The dilemmas of Tharros
Today we’re going to take a short trip, harbinger of many other immense journeys.
Today, we’re going down south, towards Oristano. From there, on to Cabras, following the signs for San Giovanni di Sinis, where we will take the municipal road that will finally lead us to our destination - Tharros.
You will be driving on a sort of winding watershed between sea and time. A tongue of land, the Sinis peninsula, and, on its southernmost tip an archaeological site, Tharros. Here you will find the ruins of an ancient city of Phoenician-Punic origin, which later became Roman. Suddenly pulled away from our modern times, you will find yourself in the depths of another, remote time – you will wander through necropolises, tophet, Roman baths and roads arranged in the tongue of land between two shores fronting an incredible blue-green sea.
Visiting Tharros is a deep emotional and aesthetic experience, something like a solemn venerable mystery. In such a place you will have to make a radical choice as to the essence of your journey. You will either feel you have finally ‘arrived’, because you have reached the land’s end and all arcane beauty is summarised in the remains of the settlement, or, on the contrary, you will feel you are at a starting point, imagining infinite routes and pathways, opening up to every possible adventure marked by the lines traceable on a map.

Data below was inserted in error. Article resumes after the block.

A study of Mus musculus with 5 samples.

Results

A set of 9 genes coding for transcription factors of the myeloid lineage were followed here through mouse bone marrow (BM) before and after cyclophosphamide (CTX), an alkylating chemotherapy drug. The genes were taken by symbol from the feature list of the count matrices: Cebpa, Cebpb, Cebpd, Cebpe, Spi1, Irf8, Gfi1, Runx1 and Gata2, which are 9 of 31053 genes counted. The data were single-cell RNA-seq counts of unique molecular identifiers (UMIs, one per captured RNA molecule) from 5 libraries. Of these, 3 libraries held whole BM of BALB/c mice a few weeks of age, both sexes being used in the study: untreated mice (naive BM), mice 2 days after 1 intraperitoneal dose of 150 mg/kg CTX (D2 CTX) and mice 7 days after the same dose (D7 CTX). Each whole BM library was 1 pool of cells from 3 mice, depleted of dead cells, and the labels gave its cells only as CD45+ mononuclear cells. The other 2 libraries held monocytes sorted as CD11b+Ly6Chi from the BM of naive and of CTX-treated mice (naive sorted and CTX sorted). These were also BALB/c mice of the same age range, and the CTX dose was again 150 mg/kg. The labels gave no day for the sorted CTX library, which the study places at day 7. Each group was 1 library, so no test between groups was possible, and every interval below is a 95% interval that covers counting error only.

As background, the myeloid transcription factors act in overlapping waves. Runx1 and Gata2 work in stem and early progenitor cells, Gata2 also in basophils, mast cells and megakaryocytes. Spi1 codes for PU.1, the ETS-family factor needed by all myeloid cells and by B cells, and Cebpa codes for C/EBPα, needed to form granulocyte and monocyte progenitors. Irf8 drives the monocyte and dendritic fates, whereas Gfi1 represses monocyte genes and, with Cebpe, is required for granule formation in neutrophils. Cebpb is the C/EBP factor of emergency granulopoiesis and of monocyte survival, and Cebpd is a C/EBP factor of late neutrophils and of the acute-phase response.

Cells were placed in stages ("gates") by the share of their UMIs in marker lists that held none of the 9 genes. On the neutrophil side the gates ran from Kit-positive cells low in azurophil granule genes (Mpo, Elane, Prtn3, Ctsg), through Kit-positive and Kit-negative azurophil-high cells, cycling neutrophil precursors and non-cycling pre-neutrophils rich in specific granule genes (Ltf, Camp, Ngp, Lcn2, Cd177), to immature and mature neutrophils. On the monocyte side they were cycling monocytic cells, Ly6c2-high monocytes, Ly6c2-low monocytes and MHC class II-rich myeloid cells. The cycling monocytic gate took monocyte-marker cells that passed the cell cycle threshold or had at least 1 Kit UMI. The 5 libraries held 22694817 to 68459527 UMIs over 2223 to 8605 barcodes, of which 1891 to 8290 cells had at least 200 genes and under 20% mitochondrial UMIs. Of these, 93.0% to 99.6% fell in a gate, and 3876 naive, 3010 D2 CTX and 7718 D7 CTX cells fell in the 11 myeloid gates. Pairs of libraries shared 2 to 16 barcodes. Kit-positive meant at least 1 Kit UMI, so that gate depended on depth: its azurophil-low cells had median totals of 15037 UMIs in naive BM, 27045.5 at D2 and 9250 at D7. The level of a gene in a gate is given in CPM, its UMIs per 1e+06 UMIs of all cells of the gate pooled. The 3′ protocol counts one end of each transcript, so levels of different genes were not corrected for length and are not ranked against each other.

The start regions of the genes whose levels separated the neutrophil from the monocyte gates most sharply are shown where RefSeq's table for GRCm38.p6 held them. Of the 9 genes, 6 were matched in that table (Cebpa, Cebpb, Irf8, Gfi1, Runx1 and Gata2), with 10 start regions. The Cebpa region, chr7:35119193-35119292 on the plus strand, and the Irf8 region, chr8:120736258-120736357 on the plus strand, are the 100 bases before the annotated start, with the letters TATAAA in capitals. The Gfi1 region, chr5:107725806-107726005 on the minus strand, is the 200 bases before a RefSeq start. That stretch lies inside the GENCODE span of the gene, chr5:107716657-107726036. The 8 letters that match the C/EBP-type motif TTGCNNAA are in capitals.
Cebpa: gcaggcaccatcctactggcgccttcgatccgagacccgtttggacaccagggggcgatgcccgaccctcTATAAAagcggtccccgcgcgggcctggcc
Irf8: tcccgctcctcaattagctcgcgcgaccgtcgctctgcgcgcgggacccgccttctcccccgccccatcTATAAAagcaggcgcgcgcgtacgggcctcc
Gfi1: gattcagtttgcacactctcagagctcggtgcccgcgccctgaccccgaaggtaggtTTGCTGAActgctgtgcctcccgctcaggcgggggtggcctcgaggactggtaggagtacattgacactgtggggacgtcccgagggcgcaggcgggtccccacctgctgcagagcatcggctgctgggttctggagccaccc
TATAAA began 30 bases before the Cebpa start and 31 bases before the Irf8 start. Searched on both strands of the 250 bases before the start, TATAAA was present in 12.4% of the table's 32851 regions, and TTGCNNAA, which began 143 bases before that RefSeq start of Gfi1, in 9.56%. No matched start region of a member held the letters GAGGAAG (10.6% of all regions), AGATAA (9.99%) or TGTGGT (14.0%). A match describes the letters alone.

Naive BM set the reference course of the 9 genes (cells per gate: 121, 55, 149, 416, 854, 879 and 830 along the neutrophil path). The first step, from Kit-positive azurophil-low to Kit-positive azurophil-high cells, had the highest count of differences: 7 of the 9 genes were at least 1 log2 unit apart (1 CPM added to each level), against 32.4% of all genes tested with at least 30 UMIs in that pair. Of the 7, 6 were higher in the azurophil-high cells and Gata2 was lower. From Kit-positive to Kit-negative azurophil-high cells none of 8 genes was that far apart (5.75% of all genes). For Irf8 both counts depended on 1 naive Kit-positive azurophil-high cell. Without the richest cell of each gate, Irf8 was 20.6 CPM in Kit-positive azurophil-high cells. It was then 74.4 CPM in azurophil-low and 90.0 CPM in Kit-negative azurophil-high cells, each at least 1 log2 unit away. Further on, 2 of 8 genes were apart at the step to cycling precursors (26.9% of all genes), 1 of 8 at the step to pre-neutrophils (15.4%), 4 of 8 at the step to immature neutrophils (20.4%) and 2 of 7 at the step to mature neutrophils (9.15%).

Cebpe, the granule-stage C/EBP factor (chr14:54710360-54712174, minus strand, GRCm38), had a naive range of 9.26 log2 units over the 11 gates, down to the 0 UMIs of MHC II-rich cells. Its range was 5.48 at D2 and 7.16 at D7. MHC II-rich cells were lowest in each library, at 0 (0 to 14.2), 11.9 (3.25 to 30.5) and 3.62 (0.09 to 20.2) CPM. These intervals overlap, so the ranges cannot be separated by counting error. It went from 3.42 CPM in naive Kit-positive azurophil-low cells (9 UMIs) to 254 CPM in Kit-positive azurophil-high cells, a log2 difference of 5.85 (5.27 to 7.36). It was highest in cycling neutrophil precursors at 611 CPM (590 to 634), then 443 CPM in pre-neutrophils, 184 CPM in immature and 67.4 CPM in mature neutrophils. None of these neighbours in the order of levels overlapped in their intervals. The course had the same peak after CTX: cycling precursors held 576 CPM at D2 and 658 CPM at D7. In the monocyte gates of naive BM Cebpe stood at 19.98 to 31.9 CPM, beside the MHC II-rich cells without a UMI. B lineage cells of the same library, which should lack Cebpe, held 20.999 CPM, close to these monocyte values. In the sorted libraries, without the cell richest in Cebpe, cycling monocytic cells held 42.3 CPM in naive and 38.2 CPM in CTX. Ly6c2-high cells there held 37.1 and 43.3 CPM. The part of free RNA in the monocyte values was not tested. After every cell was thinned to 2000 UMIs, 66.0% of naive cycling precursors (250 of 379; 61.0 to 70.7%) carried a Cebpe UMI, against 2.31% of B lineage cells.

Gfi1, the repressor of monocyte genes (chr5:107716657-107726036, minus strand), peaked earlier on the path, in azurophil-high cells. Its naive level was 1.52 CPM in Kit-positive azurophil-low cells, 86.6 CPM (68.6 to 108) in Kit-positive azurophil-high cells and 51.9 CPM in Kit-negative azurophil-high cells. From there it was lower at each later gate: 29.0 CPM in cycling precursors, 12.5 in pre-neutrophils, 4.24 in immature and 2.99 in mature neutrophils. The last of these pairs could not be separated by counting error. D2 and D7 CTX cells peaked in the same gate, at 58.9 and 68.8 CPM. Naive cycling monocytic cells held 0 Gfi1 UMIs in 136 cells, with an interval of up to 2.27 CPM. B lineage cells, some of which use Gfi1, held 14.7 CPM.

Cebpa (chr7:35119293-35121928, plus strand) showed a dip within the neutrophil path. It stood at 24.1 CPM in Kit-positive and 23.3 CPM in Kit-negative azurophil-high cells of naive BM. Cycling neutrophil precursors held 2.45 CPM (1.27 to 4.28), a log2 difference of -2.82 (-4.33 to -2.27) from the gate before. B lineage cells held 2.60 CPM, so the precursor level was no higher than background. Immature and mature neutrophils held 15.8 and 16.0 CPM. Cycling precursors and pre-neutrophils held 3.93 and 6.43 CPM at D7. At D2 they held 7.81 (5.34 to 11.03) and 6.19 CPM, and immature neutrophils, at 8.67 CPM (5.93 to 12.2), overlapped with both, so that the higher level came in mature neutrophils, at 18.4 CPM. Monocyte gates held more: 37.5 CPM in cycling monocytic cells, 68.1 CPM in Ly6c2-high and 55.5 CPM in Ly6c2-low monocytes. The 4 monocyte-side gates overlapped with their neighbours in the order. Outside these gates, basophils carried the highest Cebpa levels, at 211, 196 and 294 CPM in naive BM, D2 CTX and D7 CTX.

Fittingly for a settlement founded by the Phoenicians, a quintessential seafaring civilisation, Tharros is profoundly shaped by the two faces of any voyage – arrival and departure. How moving and majestic are those two columns which remain erect just a few feet from the sea! Marble question marks, inviting you to choose where you want to be – on this side or the other side?